Latin name: Zingiber Oficinalis
Uses: herb, spice, tea, medicinal
Ginger’s distinctive zing and warm affinity for many other flavors make it one of the world’s most popular spices. This nubbly brown root is a central seasoning in cuisines throughout South and East Asia and an important component of dishes in Africa, Europe, the Caribbean, and beyond. The roots, properly known as rhizomes, are the food crop, but young shoots and leaves can also be eaten.
Why is ginger healthy?
Ginger is valued for its carminative properties, and it’s renowned as a folk remedy for reducing nausea from chemotherapy, illness, or motion sickness. It may help with migraines, lowering blood sugar, and soothing menstrual cramps. Ginger has significant amounts of some B vitamins and minerals like potassium, manganese, copper, and magnesium, though when dried its nutritional content is greatly reduced.
Where does ginger grow?
Ginger originated in the islands of Southeast Asia, including Indonesia and the Philippines. Because it requires a long growing season of 7–8 months, ginger thrives in tropical and subtropical regions. India is the world’s largest producer, with China, Nepal, Nigeria, Indonesia, and Thailand supplying most of the rest.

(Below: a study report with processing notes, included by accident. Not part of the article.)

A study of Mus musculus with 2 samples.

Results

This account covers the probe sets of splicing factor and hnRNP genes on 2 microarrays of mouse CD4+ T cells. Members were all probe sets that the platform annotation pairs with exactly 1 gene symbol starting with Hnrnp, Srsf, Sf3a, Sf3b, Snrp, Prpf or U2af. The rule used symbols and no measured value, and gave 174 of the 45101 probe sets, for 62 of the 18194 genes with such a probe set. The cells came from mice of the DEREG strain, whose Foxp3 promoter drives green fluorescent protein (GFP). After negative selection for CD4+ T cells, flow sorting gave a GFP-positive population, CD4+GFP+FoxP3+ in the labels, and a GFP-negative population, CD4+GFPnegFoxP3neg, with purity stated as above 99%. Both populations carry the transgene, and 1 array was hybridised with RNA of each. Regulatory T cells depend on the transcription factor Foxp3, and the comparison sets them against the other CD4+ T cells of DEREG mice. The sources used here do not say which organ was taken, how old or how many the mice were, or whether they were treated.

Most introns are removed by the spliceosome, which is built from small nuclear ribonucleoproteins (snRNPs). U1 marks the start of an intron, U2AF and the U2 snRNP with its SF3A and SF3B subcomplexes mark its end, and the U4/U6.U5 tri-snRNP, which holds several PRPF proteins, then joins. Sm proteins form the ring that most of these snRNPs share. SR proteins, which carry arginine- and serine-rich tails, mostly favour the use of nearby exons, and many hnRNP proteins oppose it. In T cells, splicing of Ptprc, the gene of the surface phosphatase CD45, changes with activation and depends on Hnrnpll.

What does ginger taste like?
Like many spices, Ginger is equally comfortable in sweet and savory dishes. Its hot, spicy-sweet flavor can have an almost horseradish-like intensity, so it plays well with other bright, sharp flavors like citrus, chiles, and garlic. From gingerbread to jollof rice to masala to the pickled ginger that often accompanies sushi — and let’s not forget ginger ale — ginger brings the heat to delicacies all over the world.
How do I prepare ginger and what do I pair it with?
You can eat the root raw, cooked, juiced, or pickled, and you can use it to infuse hot water in herbal teas. Unless it’s pickled or candied, you’ll rarely eat ginger by itself. Fresh, it’s usually peeled before being grated or sliced and added to dishes either at an early stage so that its flavor can infuse the food while it cooks, or in sauces where its raw heat enhances other flavors. It’s excellent for perfuming soups and stocks and is common in hot and cold drinks in many countries.
Ginger is not quiet, so pair it with assertive flavors. It meshes exceptionally well with other spices, making it fundamental to curries and similar dishes involving diverse blends of intense ingredients. It loves apples and citrus, especially lime, and alliums like garlic and scallions. In the sweeter realm, think honey, brown sugar, molasses, cream, and chocolate.
You can put ginger from the store in a glass of water and it will sprout. Try this around the end of winter, and then plant it in a pot outside once the weather is warm. By fall, you might just own a home-grown rhizome.